This is the Third of probably Five posts exploring leading indicators for job growth in the economy. So far I have examined initial jobless claims, which have until now been declining gradually, and which at their trend rate must decline at least 3 more months before they would get to the point where jobs would be created; and the ISM manufacturing employment data, which is very strong and suggests the jobs could be added to the economy next month, and even possibly now.
In this, the third installment, I'm going to examine Industrial Production, and duration of Unemployment - the first of which gives a very brief leading signal, and the second of which appears to be of only limited value -- before I get to "the Holy Grail" in part IV.
Industrial Production, which was just reported yesterday morning, is probably the single most important marker of the end of recessions. It tends to make a clean "v" in graphs right at the end of recessions. This is not a coincidence since the NBER makes use of it in their determination.
As compared with payrolls, however, industrial production does have a slightly leading characteristic. It tends to peak a median +2 months before payrolls, and to trough at the end of recessions a median +1 month before payrolls. In particular, of the 10 troughs since World War 2, in 8 of them industrial production troughed within 2 months of the payrolls number. For example, here is the graph of the two series for the 1970s recessons:
The most notable exception, of course, was 2002-3, when production troughed a full 20 months before payrolls, as shown here, along with our present recession/recovery:
Without more, at best we can say that the odds are nevertheless quite good, historically, that the trough in jobs will be within 2 months of the trough in industrial production -- which would mean the economy should start to produce actual job growth this month!
Fortunately, there is some further guidance, because the only times that industrial production has led employment growth by a relatively long period of time, it has also shown weak growth -- less than 5% a year. In more typical V shaped job recoveries, it has grown at a rate of 10% or more a year. Here are two graphs, the first showing the rate of industrial production growth in the 1953, 1992, 2002, and present recoveries two months after their trough:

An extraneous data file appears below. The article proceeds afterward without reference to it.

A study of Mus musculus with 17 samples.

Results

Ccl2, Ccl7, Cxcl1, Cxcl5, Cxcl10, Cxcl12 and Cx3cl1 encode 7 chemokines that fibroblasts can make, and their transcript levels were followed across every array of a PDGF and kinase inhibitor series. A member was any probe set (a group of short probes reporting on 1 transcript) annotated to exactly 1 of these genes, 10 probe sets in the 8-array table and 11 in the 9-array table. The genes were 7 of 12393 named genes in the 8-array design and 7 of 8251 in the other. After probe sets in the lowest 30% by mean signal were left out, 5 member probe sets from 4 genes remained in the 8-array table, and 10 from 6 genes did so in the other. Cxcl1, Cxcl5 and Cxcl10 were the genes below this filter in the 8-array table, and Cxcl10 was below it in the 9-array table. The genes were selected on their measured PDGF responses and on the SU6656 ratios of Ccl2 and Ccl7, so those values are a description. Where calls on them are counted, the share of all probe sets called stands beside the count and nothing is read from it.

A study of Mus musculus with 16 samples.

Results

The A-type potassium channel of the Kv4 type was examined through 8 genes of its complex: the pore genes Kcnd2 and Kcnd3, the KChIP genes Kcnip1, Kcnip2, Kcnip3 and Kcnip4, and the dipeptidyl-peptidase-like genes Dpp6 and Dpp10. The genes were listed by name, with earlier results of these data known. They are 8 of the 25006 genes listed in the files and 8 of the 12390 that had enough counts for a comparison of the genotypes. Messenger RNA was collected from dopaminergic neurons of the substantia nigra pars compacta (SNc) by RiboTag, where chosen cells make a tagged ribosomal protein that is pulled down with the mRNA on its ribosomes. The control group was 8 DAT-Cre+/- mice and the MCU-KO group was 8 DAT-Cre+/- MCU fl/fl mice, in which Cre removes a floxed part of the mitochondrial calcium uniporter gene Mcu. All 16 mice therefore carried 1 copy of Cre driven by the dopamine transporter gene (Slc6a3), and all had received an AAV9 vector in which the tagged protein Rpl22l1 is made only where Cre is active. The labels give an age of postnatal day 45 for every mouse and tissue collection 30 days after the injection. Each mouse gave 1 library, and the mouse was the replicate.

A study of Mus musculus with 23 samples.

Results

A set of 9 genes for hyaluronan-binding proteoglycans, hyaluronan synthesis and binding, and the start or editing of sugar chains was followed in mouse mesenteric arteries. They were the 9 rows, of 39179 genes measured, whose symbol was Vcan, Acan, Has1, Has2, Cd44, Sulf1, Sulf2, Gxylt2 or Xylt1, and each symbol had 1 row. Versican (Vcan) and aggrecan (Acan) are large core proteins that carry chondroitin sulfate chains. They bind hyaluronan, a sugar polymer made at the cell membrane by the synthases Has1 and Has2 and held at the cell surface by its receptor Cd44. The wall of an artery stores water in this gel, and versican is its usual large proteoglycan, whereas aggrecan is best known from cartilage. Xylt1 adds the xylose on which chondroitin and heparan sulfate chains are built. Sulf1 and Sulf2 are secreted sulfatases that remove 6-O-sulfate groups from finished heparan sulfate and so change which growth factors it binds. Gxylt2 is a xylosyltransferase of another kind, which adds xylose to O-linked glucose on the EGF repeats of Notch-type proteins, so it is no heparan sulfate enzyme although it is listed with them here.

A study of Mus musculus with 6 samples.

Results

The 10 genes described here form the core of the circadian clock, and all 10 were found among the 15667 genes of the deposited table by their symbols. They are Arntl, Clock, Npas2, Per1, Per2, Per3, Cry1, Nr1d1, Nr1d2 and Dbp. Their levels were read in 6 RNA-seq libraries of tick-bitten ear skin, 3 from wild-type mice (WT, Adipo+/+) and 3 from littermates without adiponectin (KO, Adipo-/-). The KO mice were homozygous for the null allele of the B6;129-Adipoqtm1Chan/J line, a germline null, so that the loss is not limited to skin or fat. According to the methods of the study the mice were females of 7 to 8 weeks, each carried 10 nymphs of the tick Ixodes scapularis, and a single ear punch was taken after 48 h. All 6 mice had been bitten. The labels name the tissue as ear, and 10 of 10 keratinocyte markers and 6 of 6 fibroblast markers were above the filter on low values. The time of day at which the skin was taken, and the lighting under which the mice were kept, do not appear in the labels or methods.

and here is the same graph extended one year for the prior three recoveries:
As of today, industrial production is up 1.8% in the last two months, and looks more like the 1983 V shaped job recovery than the two subsequent "jobless" recoveries. Should it continue to increase at a similar rate in the next month or two, that would correlate very well with past instances of V shaped job recoveries.
Various durations of unemployment are reported monthly together with payrolls. As I have mentioned before, the shorter the duration, the more it leads; the longer the duration, the more it lags, as shown for example in this graph (first blue, then orange, then green, then red):
An examination of jobs data shows that it always troughs at or after the peak in the 5-14 duration weeks' employment data, but coincident with or slightly before the 15-26 week data, as shown for example here for the 1982 and 1991 recessions:
and here for the 2001 and present recession/recoveries:
Given that the interval between the peaks in the two series can be long, as it was in 2002-3, the series is of very little help. Both durations of unemployment data tend to become very "saw-toothed" as they approach and then recede from their peaks. The biggest pre-peak sawtooth in the 5-14 week data is 10%. Since we have already declined about 18% in that series before the recent upward move, that series has probably already peaked. But we have only declined about 7.5% from the peak in the 15-26 month data, which in the past has had a pre-peak sawtooth of 15%. At best, if we get a drop of more than 15% in that data, it might give us one month's lead on the trough in the jobs data.
Tomorrow (hopefully), I will discuss "the Holy Grail", the data series which almost infallibly gives a significant and relatively constant lead time for peaks and troughs in jobless claims, and also reliably indicates peaks in unemployment as well.